Carlos Alejaldre, Deputy Director-General for Safety and Security.
The French Minister of Economy and her colleague the Minister of Environment and Sustained Development will receive a rather large parcel this week—we have just mailed them the seven-volume, 5,243-page document that we call "the DAC files," short for Demande d'Autorisation de Création.

The completion of this fundamental legal document, which provides a detailed description of the ITER installation, an updated preliminary safety report (RPrS) and other required licensing files, marks a very important moment in the life or our project. A first step toward the Enquête Publique and the basis of future discussions with the French safety authorities, these documents will enable us to obtain our nuclear license.

On Thursday 25 March, ITER Director General Kaname Ikeda, here with DDG Carlos Alejaldre, signed the DAC files cover letter. The 5,243-page document is now in the hands of the French government. (Click to view larger version...)
On Thursday 25 March, ITER Director General Kaname Ikeda, here with DDG Carlos Alejaldre, signed the DAC files cover letter. The 5,243-page document is now in the hands of the French government.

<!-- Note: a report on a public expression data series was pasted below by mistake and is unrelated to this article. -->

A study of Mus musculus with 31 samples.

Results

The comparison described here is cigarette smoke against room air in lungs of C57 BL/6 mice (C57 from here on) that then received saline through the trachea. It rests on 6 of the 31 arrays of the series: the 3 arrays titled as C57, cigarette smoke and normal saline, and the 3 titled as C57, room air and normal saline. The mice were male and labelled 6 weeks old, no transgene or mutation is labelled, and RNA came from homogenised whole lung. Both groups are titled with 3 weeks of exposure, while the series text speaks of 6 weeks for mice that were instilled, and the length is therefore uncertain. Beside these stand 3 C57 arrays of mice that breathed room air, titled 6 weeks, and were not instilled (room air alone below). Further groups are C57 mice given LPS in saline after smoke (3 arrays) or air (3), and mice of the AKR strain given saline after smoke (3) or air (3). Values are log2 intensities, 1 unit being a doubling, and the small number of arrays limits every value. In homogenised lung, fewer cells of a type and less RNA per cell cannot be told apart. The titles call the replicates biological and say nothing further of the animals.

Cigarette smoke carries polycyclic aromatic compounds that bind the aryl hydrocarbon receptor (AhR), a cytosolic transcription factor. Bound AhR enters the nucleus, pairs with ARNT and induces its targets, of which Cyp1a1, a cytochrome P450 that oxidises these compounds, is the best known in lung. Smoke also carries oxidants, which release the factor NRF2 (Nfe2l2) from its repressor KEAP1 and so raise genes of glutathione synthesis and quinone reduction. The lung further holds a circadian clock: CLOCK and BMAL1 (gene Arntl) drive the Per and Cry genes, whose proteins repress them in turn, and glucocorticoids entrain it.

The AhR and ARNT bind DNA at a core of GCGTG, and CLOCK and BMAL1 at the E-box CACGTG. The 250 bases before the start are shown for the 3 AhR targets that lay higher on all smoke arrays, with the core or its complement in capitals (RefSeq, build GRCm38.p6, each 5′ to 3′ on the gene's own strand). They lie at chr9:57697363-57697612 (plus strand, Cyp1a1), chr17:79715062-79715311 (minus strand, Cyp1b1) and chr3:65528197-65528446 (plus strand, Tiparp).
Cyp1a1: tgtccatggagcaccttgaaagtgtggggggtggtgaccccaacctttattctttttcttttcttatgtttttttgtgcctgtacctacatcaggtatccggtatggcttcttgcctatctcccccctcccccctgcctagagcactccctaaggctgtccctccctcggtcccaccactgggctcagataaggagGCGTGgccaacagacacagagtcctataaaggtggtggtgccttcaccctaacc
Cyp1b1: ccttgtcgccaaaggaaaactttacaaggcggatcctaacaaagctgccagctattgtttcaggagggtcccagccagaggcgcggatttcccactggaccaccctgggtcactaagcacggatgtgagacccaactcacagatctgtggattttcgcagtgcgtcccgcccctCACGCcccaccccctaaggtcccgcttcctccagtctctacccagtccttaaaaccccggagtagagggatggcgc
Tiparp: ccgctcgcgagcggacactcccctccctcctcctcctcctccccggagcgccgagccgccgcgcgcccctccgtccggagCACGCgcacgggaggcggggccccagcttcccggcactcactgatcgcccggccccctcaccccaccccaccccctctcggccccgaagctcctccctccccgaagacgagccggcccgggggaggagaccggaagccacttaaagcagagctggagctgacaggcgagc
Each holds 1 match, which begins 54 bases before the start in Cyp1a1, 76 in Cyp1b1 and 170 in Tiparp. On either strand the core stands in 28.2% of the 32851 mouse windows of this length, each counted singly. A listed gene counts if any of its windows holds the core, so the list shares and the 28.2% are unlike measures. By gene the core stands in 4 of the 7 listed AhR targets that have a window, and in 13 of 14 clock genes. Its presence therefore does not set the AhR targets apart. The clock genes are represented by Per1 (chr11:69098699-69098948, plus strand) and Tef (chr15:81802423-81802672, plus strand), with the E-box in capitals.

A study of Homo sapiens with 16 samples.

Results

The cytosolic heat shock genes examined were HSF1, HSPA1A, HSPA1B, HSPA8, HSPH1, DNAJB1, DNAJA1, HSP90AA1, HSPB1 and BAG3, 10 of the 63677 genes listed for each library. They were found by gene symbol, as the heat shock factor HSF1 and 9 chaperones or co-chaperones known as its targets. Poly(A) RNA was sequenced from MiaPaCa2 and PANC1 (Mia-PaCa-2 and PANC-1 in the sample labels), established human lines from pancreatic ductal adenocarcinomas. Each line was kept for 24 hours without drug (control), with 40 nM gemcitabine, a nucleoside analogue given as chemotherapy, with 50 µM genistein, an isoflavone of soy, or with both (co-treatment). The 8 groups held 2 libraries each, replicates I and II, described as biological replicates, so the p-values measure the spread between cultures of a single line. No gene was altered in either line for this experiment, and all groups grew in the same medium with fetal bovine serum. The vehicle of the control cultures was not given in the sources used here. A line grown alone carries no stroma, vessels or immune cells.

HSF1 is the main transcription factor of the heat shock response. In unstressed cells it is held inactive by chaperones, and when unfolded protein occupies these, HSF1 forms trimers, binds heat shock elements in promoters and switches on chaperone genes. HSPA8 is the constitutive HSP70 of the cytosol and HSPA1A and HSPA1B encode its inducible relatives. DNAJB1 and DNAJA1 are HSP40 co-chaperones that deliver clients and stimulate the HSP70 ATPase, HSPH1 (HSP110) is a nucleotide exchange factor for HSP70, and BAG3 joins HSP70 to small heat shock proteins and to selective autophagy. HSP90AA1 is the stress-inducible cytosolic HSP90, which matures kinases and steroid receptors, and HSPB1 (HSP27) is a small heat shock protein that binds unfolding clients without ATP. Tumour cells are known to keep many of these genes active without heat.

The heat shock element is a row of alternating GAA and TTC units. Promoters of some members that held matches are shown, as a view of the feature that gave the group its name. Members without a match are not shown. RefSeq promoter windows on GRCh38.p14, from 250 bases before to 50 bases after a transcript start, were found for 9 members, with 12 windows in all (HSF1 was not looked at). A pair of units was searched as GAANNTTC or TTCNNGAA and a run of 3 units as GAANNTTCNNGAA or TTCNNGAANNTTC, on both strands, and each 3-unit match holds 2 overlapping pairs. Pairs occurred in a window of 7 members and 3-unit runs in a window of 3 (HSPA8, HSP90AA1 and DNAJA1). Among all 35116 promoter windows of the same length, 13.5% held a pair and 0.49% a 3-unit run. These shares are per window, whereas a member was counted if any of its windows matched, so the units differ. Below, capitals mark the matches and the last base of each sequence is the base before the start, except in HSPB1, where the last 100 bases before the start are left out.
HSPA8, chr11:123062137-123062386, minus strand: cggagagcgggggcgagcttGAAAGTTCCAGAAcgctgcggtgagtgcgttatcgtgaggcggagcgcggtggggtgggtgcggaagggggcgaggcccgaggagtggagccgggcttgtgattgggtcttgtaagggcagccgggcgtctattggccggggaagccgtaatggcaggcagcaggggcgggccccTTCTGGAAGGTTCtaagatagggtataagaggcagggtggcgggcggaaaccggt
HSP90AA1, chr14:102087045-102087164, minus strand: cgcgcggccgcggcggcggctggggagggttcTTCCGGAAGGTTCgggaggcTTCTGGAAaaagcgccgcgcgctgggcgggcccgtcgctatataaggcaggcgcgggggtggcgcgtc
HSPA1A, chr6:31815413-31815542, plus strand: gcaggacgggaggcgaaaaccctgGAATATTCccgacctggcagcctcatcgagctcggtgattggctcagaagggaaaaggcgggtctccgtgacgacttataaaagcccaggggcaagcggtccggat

Writing, laying out, printing, binding and sending off these 5,243 pages has been our priority for the past year and a half. We've all worked very hard to finalize these documents, not only in the Nuclear, Safety and Environment Division, which played a key part in the whole process or our Department for Safety and Security, but throughout our whole Organization. I want to thank you all for this very important contribution to the success of our project.

So what happens now? Experts at the two Ministries will analyze the DAC files, possibly request more information, and then pass them on to the Nuclear Safety Authority (ASN). ASN may also require complementary information before declaring that our application is "receivable." This back-and-forth process is expected to last until we get the green light to start the Enquête Publique — most probably in the autumn.

From that point on, we'll be embarking on a thirty-year scientific, technological and human adventure that has almost no equivalent in history.